Police chief finalist in Colorado eliminated because he supported enforcing immigration laws

by WorldTribune Staff, September 22, 2017

A finalist for police chief of Colorado’s fourth largest city was eliminated from consideration after city officials learned of two news stories where the candidate was quoted as supporting Arizona’s immigration control law, a government watchdog group said.

Steve Henry, a former chief deputy for the Pinal County Sheriff’s Office in central Arizona, was one of six finalists chosen from a list of 65 people who applied for the Fort Collins police chief position.

Steve Henry

Judicial Watch, in its Sept. 21 Corruption Chronicles feature, noted that Henry “is a U.S. Army veteran who obtained his undergraduate degree at Arizona State University and graduate degree at Northern Arizona University. He also holds a degree from the Harvard JFK School of Government and attended the Federal Bureau of Investigation National Academy. He has 23 years of continuous and stellar law enforcement service.”

Henry was informed by Ralph Anderson and Associates (a California-based company that provides cities, counties and state agencies with executive search and consulting services), that he was eliminated as a candidate because the news articles made Darin Atteberry, the Fort Collins city manager, “leery” about hiring him and because, among other things, “the city is a university town,” Judicial Watch noted. Colorado State University is in Fort Collins.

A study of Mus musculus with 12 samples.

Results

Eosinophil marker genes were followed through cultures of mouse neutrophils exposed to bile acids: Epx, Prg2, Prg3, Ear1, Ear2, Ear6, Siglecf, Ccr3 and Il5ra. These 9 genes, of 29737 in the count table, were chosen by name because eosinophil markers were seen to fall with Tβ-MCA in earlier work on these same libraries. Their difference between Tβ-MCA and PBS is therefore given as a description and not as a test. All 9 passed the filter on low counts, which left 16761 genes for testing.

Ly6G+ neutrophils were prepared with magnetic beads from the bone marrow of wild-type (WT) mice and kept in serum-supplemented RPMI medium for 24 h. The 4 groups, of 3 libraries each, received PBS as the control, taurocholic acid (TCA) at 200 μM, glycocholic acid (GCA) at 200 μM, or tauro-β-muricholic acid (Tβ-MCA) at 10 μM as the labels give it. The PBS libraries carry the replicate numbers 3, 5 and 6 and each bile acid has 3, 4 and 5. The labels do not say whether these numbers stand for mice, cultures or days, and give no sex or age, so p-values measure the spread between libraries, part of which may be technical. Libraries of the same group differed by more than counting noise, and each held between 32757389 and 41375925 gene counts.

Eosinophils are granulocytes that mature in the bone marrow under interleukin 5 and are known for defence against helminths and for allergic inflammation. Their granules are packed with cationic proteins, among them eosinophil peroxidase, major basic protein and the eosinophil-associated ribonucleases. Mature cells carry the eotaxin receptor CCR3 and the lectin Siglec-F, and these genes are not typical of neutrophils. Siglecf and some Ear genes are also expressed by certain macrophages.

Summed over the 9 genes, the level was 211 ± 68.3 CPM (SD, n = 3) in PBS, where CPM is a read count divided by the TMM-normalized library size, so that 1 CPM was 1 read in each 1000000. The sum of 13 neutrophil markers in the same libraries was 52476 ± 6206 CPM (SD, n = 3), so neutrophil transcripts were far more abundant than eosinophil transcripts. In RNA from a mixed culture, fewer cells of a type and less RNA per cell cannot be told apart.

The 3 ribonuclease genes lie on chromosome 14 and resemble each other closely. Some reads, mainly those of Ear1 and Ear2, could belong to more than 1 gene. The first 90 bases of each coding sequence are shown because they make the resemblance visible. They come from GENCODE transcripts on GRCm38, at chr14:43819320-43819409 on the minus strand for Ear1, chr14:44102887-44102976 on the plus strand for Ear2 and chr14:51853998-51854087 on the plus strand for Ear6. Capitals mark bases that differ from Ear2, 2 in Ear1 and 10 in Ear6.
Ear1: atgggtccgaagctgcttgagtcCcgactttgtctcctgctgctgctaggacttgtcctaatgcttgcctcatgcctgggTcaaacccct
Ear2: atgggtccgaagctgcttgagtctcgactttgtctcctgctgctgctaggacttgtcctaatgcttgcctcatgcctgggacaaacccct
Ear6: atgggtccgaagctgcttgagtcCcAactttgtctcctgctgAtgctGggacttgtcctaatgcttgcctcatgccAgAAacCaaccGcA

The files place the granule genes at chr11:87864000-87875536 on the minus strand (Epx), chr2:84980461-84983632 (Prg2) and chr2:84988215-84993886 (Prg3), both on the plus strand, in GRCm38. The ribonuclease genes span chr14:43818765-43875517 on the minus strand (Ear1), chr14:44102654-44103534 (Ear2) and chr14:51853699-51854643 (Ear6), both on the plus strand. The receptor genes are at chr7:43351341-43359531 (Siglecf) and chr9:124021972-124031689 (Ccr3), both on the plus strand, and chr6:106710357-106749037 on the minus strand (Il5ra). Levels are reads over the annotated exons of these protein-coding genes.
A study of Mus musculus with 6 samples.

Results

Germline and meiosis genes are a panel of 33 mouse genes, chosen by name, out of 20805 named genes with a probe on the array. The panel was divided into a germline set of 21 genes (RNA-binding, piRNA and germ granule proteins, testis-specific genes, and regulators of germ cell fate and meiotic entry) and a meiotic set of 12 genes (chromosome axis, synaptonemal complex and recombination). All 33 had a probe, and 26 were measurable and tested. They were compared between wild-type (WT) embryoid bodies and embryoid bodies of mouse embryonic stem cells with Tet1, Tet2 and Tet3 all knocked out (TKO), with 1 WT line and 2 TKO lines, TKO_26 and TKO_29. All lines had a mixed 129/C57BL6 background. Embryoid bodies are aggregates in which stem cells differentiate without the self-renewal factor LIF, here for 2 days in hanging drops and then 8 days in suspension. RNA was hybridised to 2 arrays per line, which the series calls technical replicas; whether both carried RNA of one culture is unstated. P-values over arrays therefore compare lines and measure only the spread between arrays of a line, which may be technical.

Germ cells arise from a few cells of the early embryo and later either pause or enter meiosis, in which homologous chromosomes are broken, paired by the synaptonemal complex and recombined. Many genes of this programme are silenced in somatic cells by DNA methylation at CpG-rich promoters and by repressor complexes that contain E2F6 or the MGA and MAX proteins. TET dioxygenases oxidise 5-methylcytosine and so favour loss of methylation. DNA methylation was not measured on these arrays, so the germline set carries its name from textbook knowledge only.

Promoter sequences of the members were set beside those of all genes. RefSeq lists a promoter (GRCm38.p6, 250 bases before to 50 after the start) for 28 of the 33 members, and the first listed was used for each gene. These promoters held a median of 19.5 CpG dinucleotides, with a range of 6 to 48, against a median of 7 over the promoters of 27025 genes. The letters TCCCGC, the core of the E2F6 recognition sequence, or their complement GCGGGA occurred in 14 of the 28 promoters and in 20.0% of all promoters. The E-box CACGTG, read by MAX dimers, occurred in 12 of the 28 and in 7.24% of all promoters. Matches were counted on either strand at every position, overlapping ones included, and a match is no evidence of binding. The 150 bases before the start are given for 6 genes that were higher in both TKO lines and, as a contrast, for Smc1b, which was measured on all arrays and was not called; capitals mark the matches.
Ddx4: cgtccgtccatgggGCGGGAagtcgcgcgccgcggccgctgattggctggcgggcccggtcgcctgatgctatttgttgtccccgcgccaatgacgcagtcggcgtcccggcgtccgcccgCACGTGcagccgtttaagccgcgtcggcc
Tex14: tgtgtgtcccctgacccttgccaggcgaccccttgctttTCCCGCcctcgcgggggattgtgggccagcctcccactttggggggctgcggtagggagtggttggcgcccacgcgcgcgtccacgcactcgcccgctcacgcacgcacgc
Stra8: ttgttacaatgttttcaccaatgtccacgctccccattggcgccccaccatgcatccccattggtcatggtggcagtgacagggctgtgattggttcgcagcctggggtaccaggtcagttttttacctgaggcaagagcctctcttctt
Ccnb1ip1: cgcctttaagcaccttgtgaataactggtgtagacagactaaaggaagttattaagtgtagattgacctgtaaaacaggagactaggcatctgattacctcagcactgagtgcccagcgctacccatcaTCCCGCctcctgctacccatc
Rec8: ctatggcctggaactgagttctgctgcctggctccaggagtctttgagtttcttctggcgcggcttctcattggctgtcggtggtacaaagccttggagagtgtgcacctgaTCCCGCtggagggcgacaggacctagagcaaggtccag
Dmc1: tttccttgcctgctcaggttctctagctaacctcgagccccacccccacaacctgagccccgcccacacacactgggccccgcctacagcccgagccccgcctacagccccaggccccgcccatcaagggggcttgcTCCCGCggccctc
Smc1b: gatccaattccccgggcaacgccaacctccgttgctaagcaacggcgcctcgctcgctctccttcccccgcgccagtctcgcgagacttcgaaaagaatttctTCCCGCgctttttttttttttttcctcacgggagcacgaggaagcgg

“With the city refusing to explain what happened, the chain of events indicates that a highly qualified candidate got eliminated from the final six police chief applicants due to his support for the rule of law,” Judicial Watch said. “There was no crime, misconduct or character flaw on his part, just support in his capacity at Pinal County for Arizona’s commitment to assist federal law enforcement in an effort to secure borders and implement federal trespassing statutes. As for the Fort Collins public officials, it never looks good when they dodge the hard questions involving questionable decisions.”

Judicial Watch has filed a public records request “to obtain details about the troublesome case in which the support for the rule of law served as a disqualifier for a candidate hired to enforce the rule of law.”

Arizona’s immigration law (SB1070) makes it a state crime to be in the U.S. without proper documentation and bans “sanctuary city” policies. The measure also allows local law enforcement officers throughout the state to inquire about suspects’ immigration status.

Fort Collins hired the firm Ralph Anderson and Associates to lead the search for a new chief after its previous police chief resigned in May following a series of scandals, including the use of excessive force in several instances and a $425,000 settlement to two officers who claimed the department discriminated against them based on their race, Judicial Watch noted.

Fort Collins local government “supports offering illegal immigrants sanctuary,” Judicial Watch said. “Fort Collins Mayor Wade Troxell said in a local newspaper report that the city is an open, inclusive and friendly community and that ‘all people matter.’ Members of the city council have consistently said they support diversity and want the city to be a welcoming place for all people.”